Study Finds Risks of Bariatric Surgery Increase with Patient’s Age

A study conducted by researchers at Oregon Health & Science University and published in the March issue of Archives of Surgery has found that the risk of complications associated with bariatric (obesity) surgery increase with the age of the patient.

The team found that every extra year of age carried an additional 6% increased risk for complications. This included the more serious complication such as leaking, dehiscence, or hemorrhage.

While no definitive age was found to mark the beginning of any dramatic increase in risk, the researchers suggest that any patient who is 60 or older should be told about the heightened risk of complications associated with age.

The study also found the biliopancreatic diversion with the duodenal switch procedure was associated with about twice the risk of complications compared with the gastric bypass procedure.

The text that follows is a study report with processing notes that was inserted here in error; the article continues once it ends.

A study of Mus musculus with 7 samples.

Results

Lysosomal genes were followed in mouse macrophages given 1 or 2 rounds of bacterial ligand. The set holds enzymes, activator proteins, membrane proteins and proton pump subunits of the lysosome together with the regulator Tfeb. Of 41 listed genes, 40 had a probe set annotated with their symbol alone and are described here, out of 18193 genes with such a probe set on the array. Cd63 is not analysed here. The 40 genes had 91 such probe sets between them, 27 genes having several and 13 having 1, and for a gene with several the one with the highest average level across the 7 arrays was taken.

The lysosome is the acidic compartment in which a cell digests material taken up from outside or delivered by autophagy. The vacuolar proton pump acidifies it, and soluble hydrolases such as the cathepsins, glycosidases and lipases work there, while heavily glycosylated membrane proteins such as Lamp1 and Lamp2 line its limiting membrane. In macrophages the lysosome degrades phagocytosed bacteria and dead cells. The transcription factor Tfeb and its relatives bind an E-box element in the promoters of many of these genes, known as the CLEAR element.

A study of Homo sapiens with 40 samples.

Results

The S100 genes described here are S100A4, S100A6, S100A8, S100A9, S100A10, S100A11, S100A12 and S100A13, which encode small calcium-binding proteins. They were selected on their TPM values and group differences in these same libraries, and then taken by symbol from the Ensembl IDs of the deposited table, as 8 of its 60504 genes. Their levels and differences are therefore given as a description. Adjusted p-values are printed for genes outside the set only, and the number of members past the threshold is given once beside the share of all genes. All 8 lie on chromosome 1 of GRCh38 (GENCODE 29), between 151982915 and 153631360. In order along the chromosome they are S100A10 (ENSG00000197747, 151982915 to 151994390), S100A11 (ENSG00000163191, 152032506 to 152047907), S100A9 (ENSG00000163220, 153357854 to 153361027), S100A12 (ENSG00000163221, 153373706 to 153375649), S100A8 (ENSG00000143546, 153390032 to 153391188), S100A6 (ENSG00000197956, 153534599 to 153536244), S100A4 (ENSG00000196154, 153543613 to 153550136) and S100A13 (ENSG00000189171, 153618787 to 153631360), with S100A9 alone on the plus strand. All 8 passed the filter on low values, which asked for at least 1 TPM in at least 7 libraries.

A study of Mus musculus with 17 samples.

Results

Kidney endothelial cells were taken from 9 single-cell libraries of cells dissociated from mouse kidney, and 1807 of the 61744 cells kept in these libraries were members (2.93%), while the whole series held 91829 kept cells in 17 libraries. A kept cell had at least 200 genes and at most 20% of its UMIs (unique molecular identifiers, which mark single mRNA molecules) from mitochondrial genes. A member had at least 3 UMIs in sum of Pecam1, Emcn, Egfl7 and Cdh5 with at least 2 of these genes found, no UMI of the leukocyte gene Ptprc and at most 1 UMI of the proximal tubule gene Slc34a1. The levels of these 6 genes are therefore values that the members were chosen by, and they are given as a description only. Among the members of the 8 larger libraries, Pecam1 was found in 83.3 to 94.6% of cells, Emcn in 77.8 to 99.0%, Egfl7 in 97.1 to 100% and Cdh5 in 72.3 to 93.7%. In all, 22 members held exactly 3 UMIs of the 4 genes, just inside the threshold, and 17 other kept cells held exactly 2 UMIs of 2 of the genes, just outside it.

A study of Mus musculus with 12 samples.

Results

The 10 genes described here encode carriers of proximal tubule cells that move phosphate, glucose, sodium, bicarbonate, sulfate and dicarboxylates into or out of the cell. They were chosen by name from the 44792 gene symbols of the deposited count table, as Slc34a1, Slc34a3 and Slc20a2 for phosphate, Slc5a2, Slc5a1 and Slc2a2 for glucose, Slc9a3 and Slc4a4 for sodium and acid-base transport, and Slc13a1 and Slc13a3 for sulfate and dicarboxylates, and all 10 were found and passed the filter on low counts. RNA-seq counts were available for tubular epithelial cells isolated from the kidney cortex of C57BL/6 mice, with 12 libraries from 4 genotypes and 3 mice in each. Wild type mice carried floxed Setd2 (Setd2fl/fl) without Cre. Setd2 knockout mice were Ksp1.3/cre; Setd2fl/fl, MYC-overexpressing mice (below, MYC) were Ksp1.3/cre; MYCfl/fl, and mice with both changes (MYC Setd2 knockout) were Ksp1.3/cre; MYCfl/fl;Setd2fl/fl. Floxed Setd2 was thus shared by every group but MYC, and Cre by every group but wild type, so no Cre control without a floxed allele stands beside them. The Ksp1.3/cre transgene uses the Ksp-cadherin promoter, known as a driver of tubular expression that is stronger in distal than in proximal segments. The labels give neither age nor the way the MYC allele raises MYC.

The study retrospectively reviewed the records of 452 patients. Of those, 372 were women and 80 were men. Their average age was 44. All of the subjects had their surgeries between 2000 and 2003. The average follow-up was more than 400 days.

Overall, the major complication rate was 10% and the minor complication rate 13%. Factors such as body-mass-index, gender, diabetes, laparoscopic versus open approach, and surgeon experience did not significantly affect complication risk.

Although these particular researchers have not set any specific age limit as an absolute contraindication to bariatric surgery, they do “approach older patients with caution,” and believe that their findings as well as other recent data suggest the benefits of such procedures “with respect to longevity may wane in older patients.”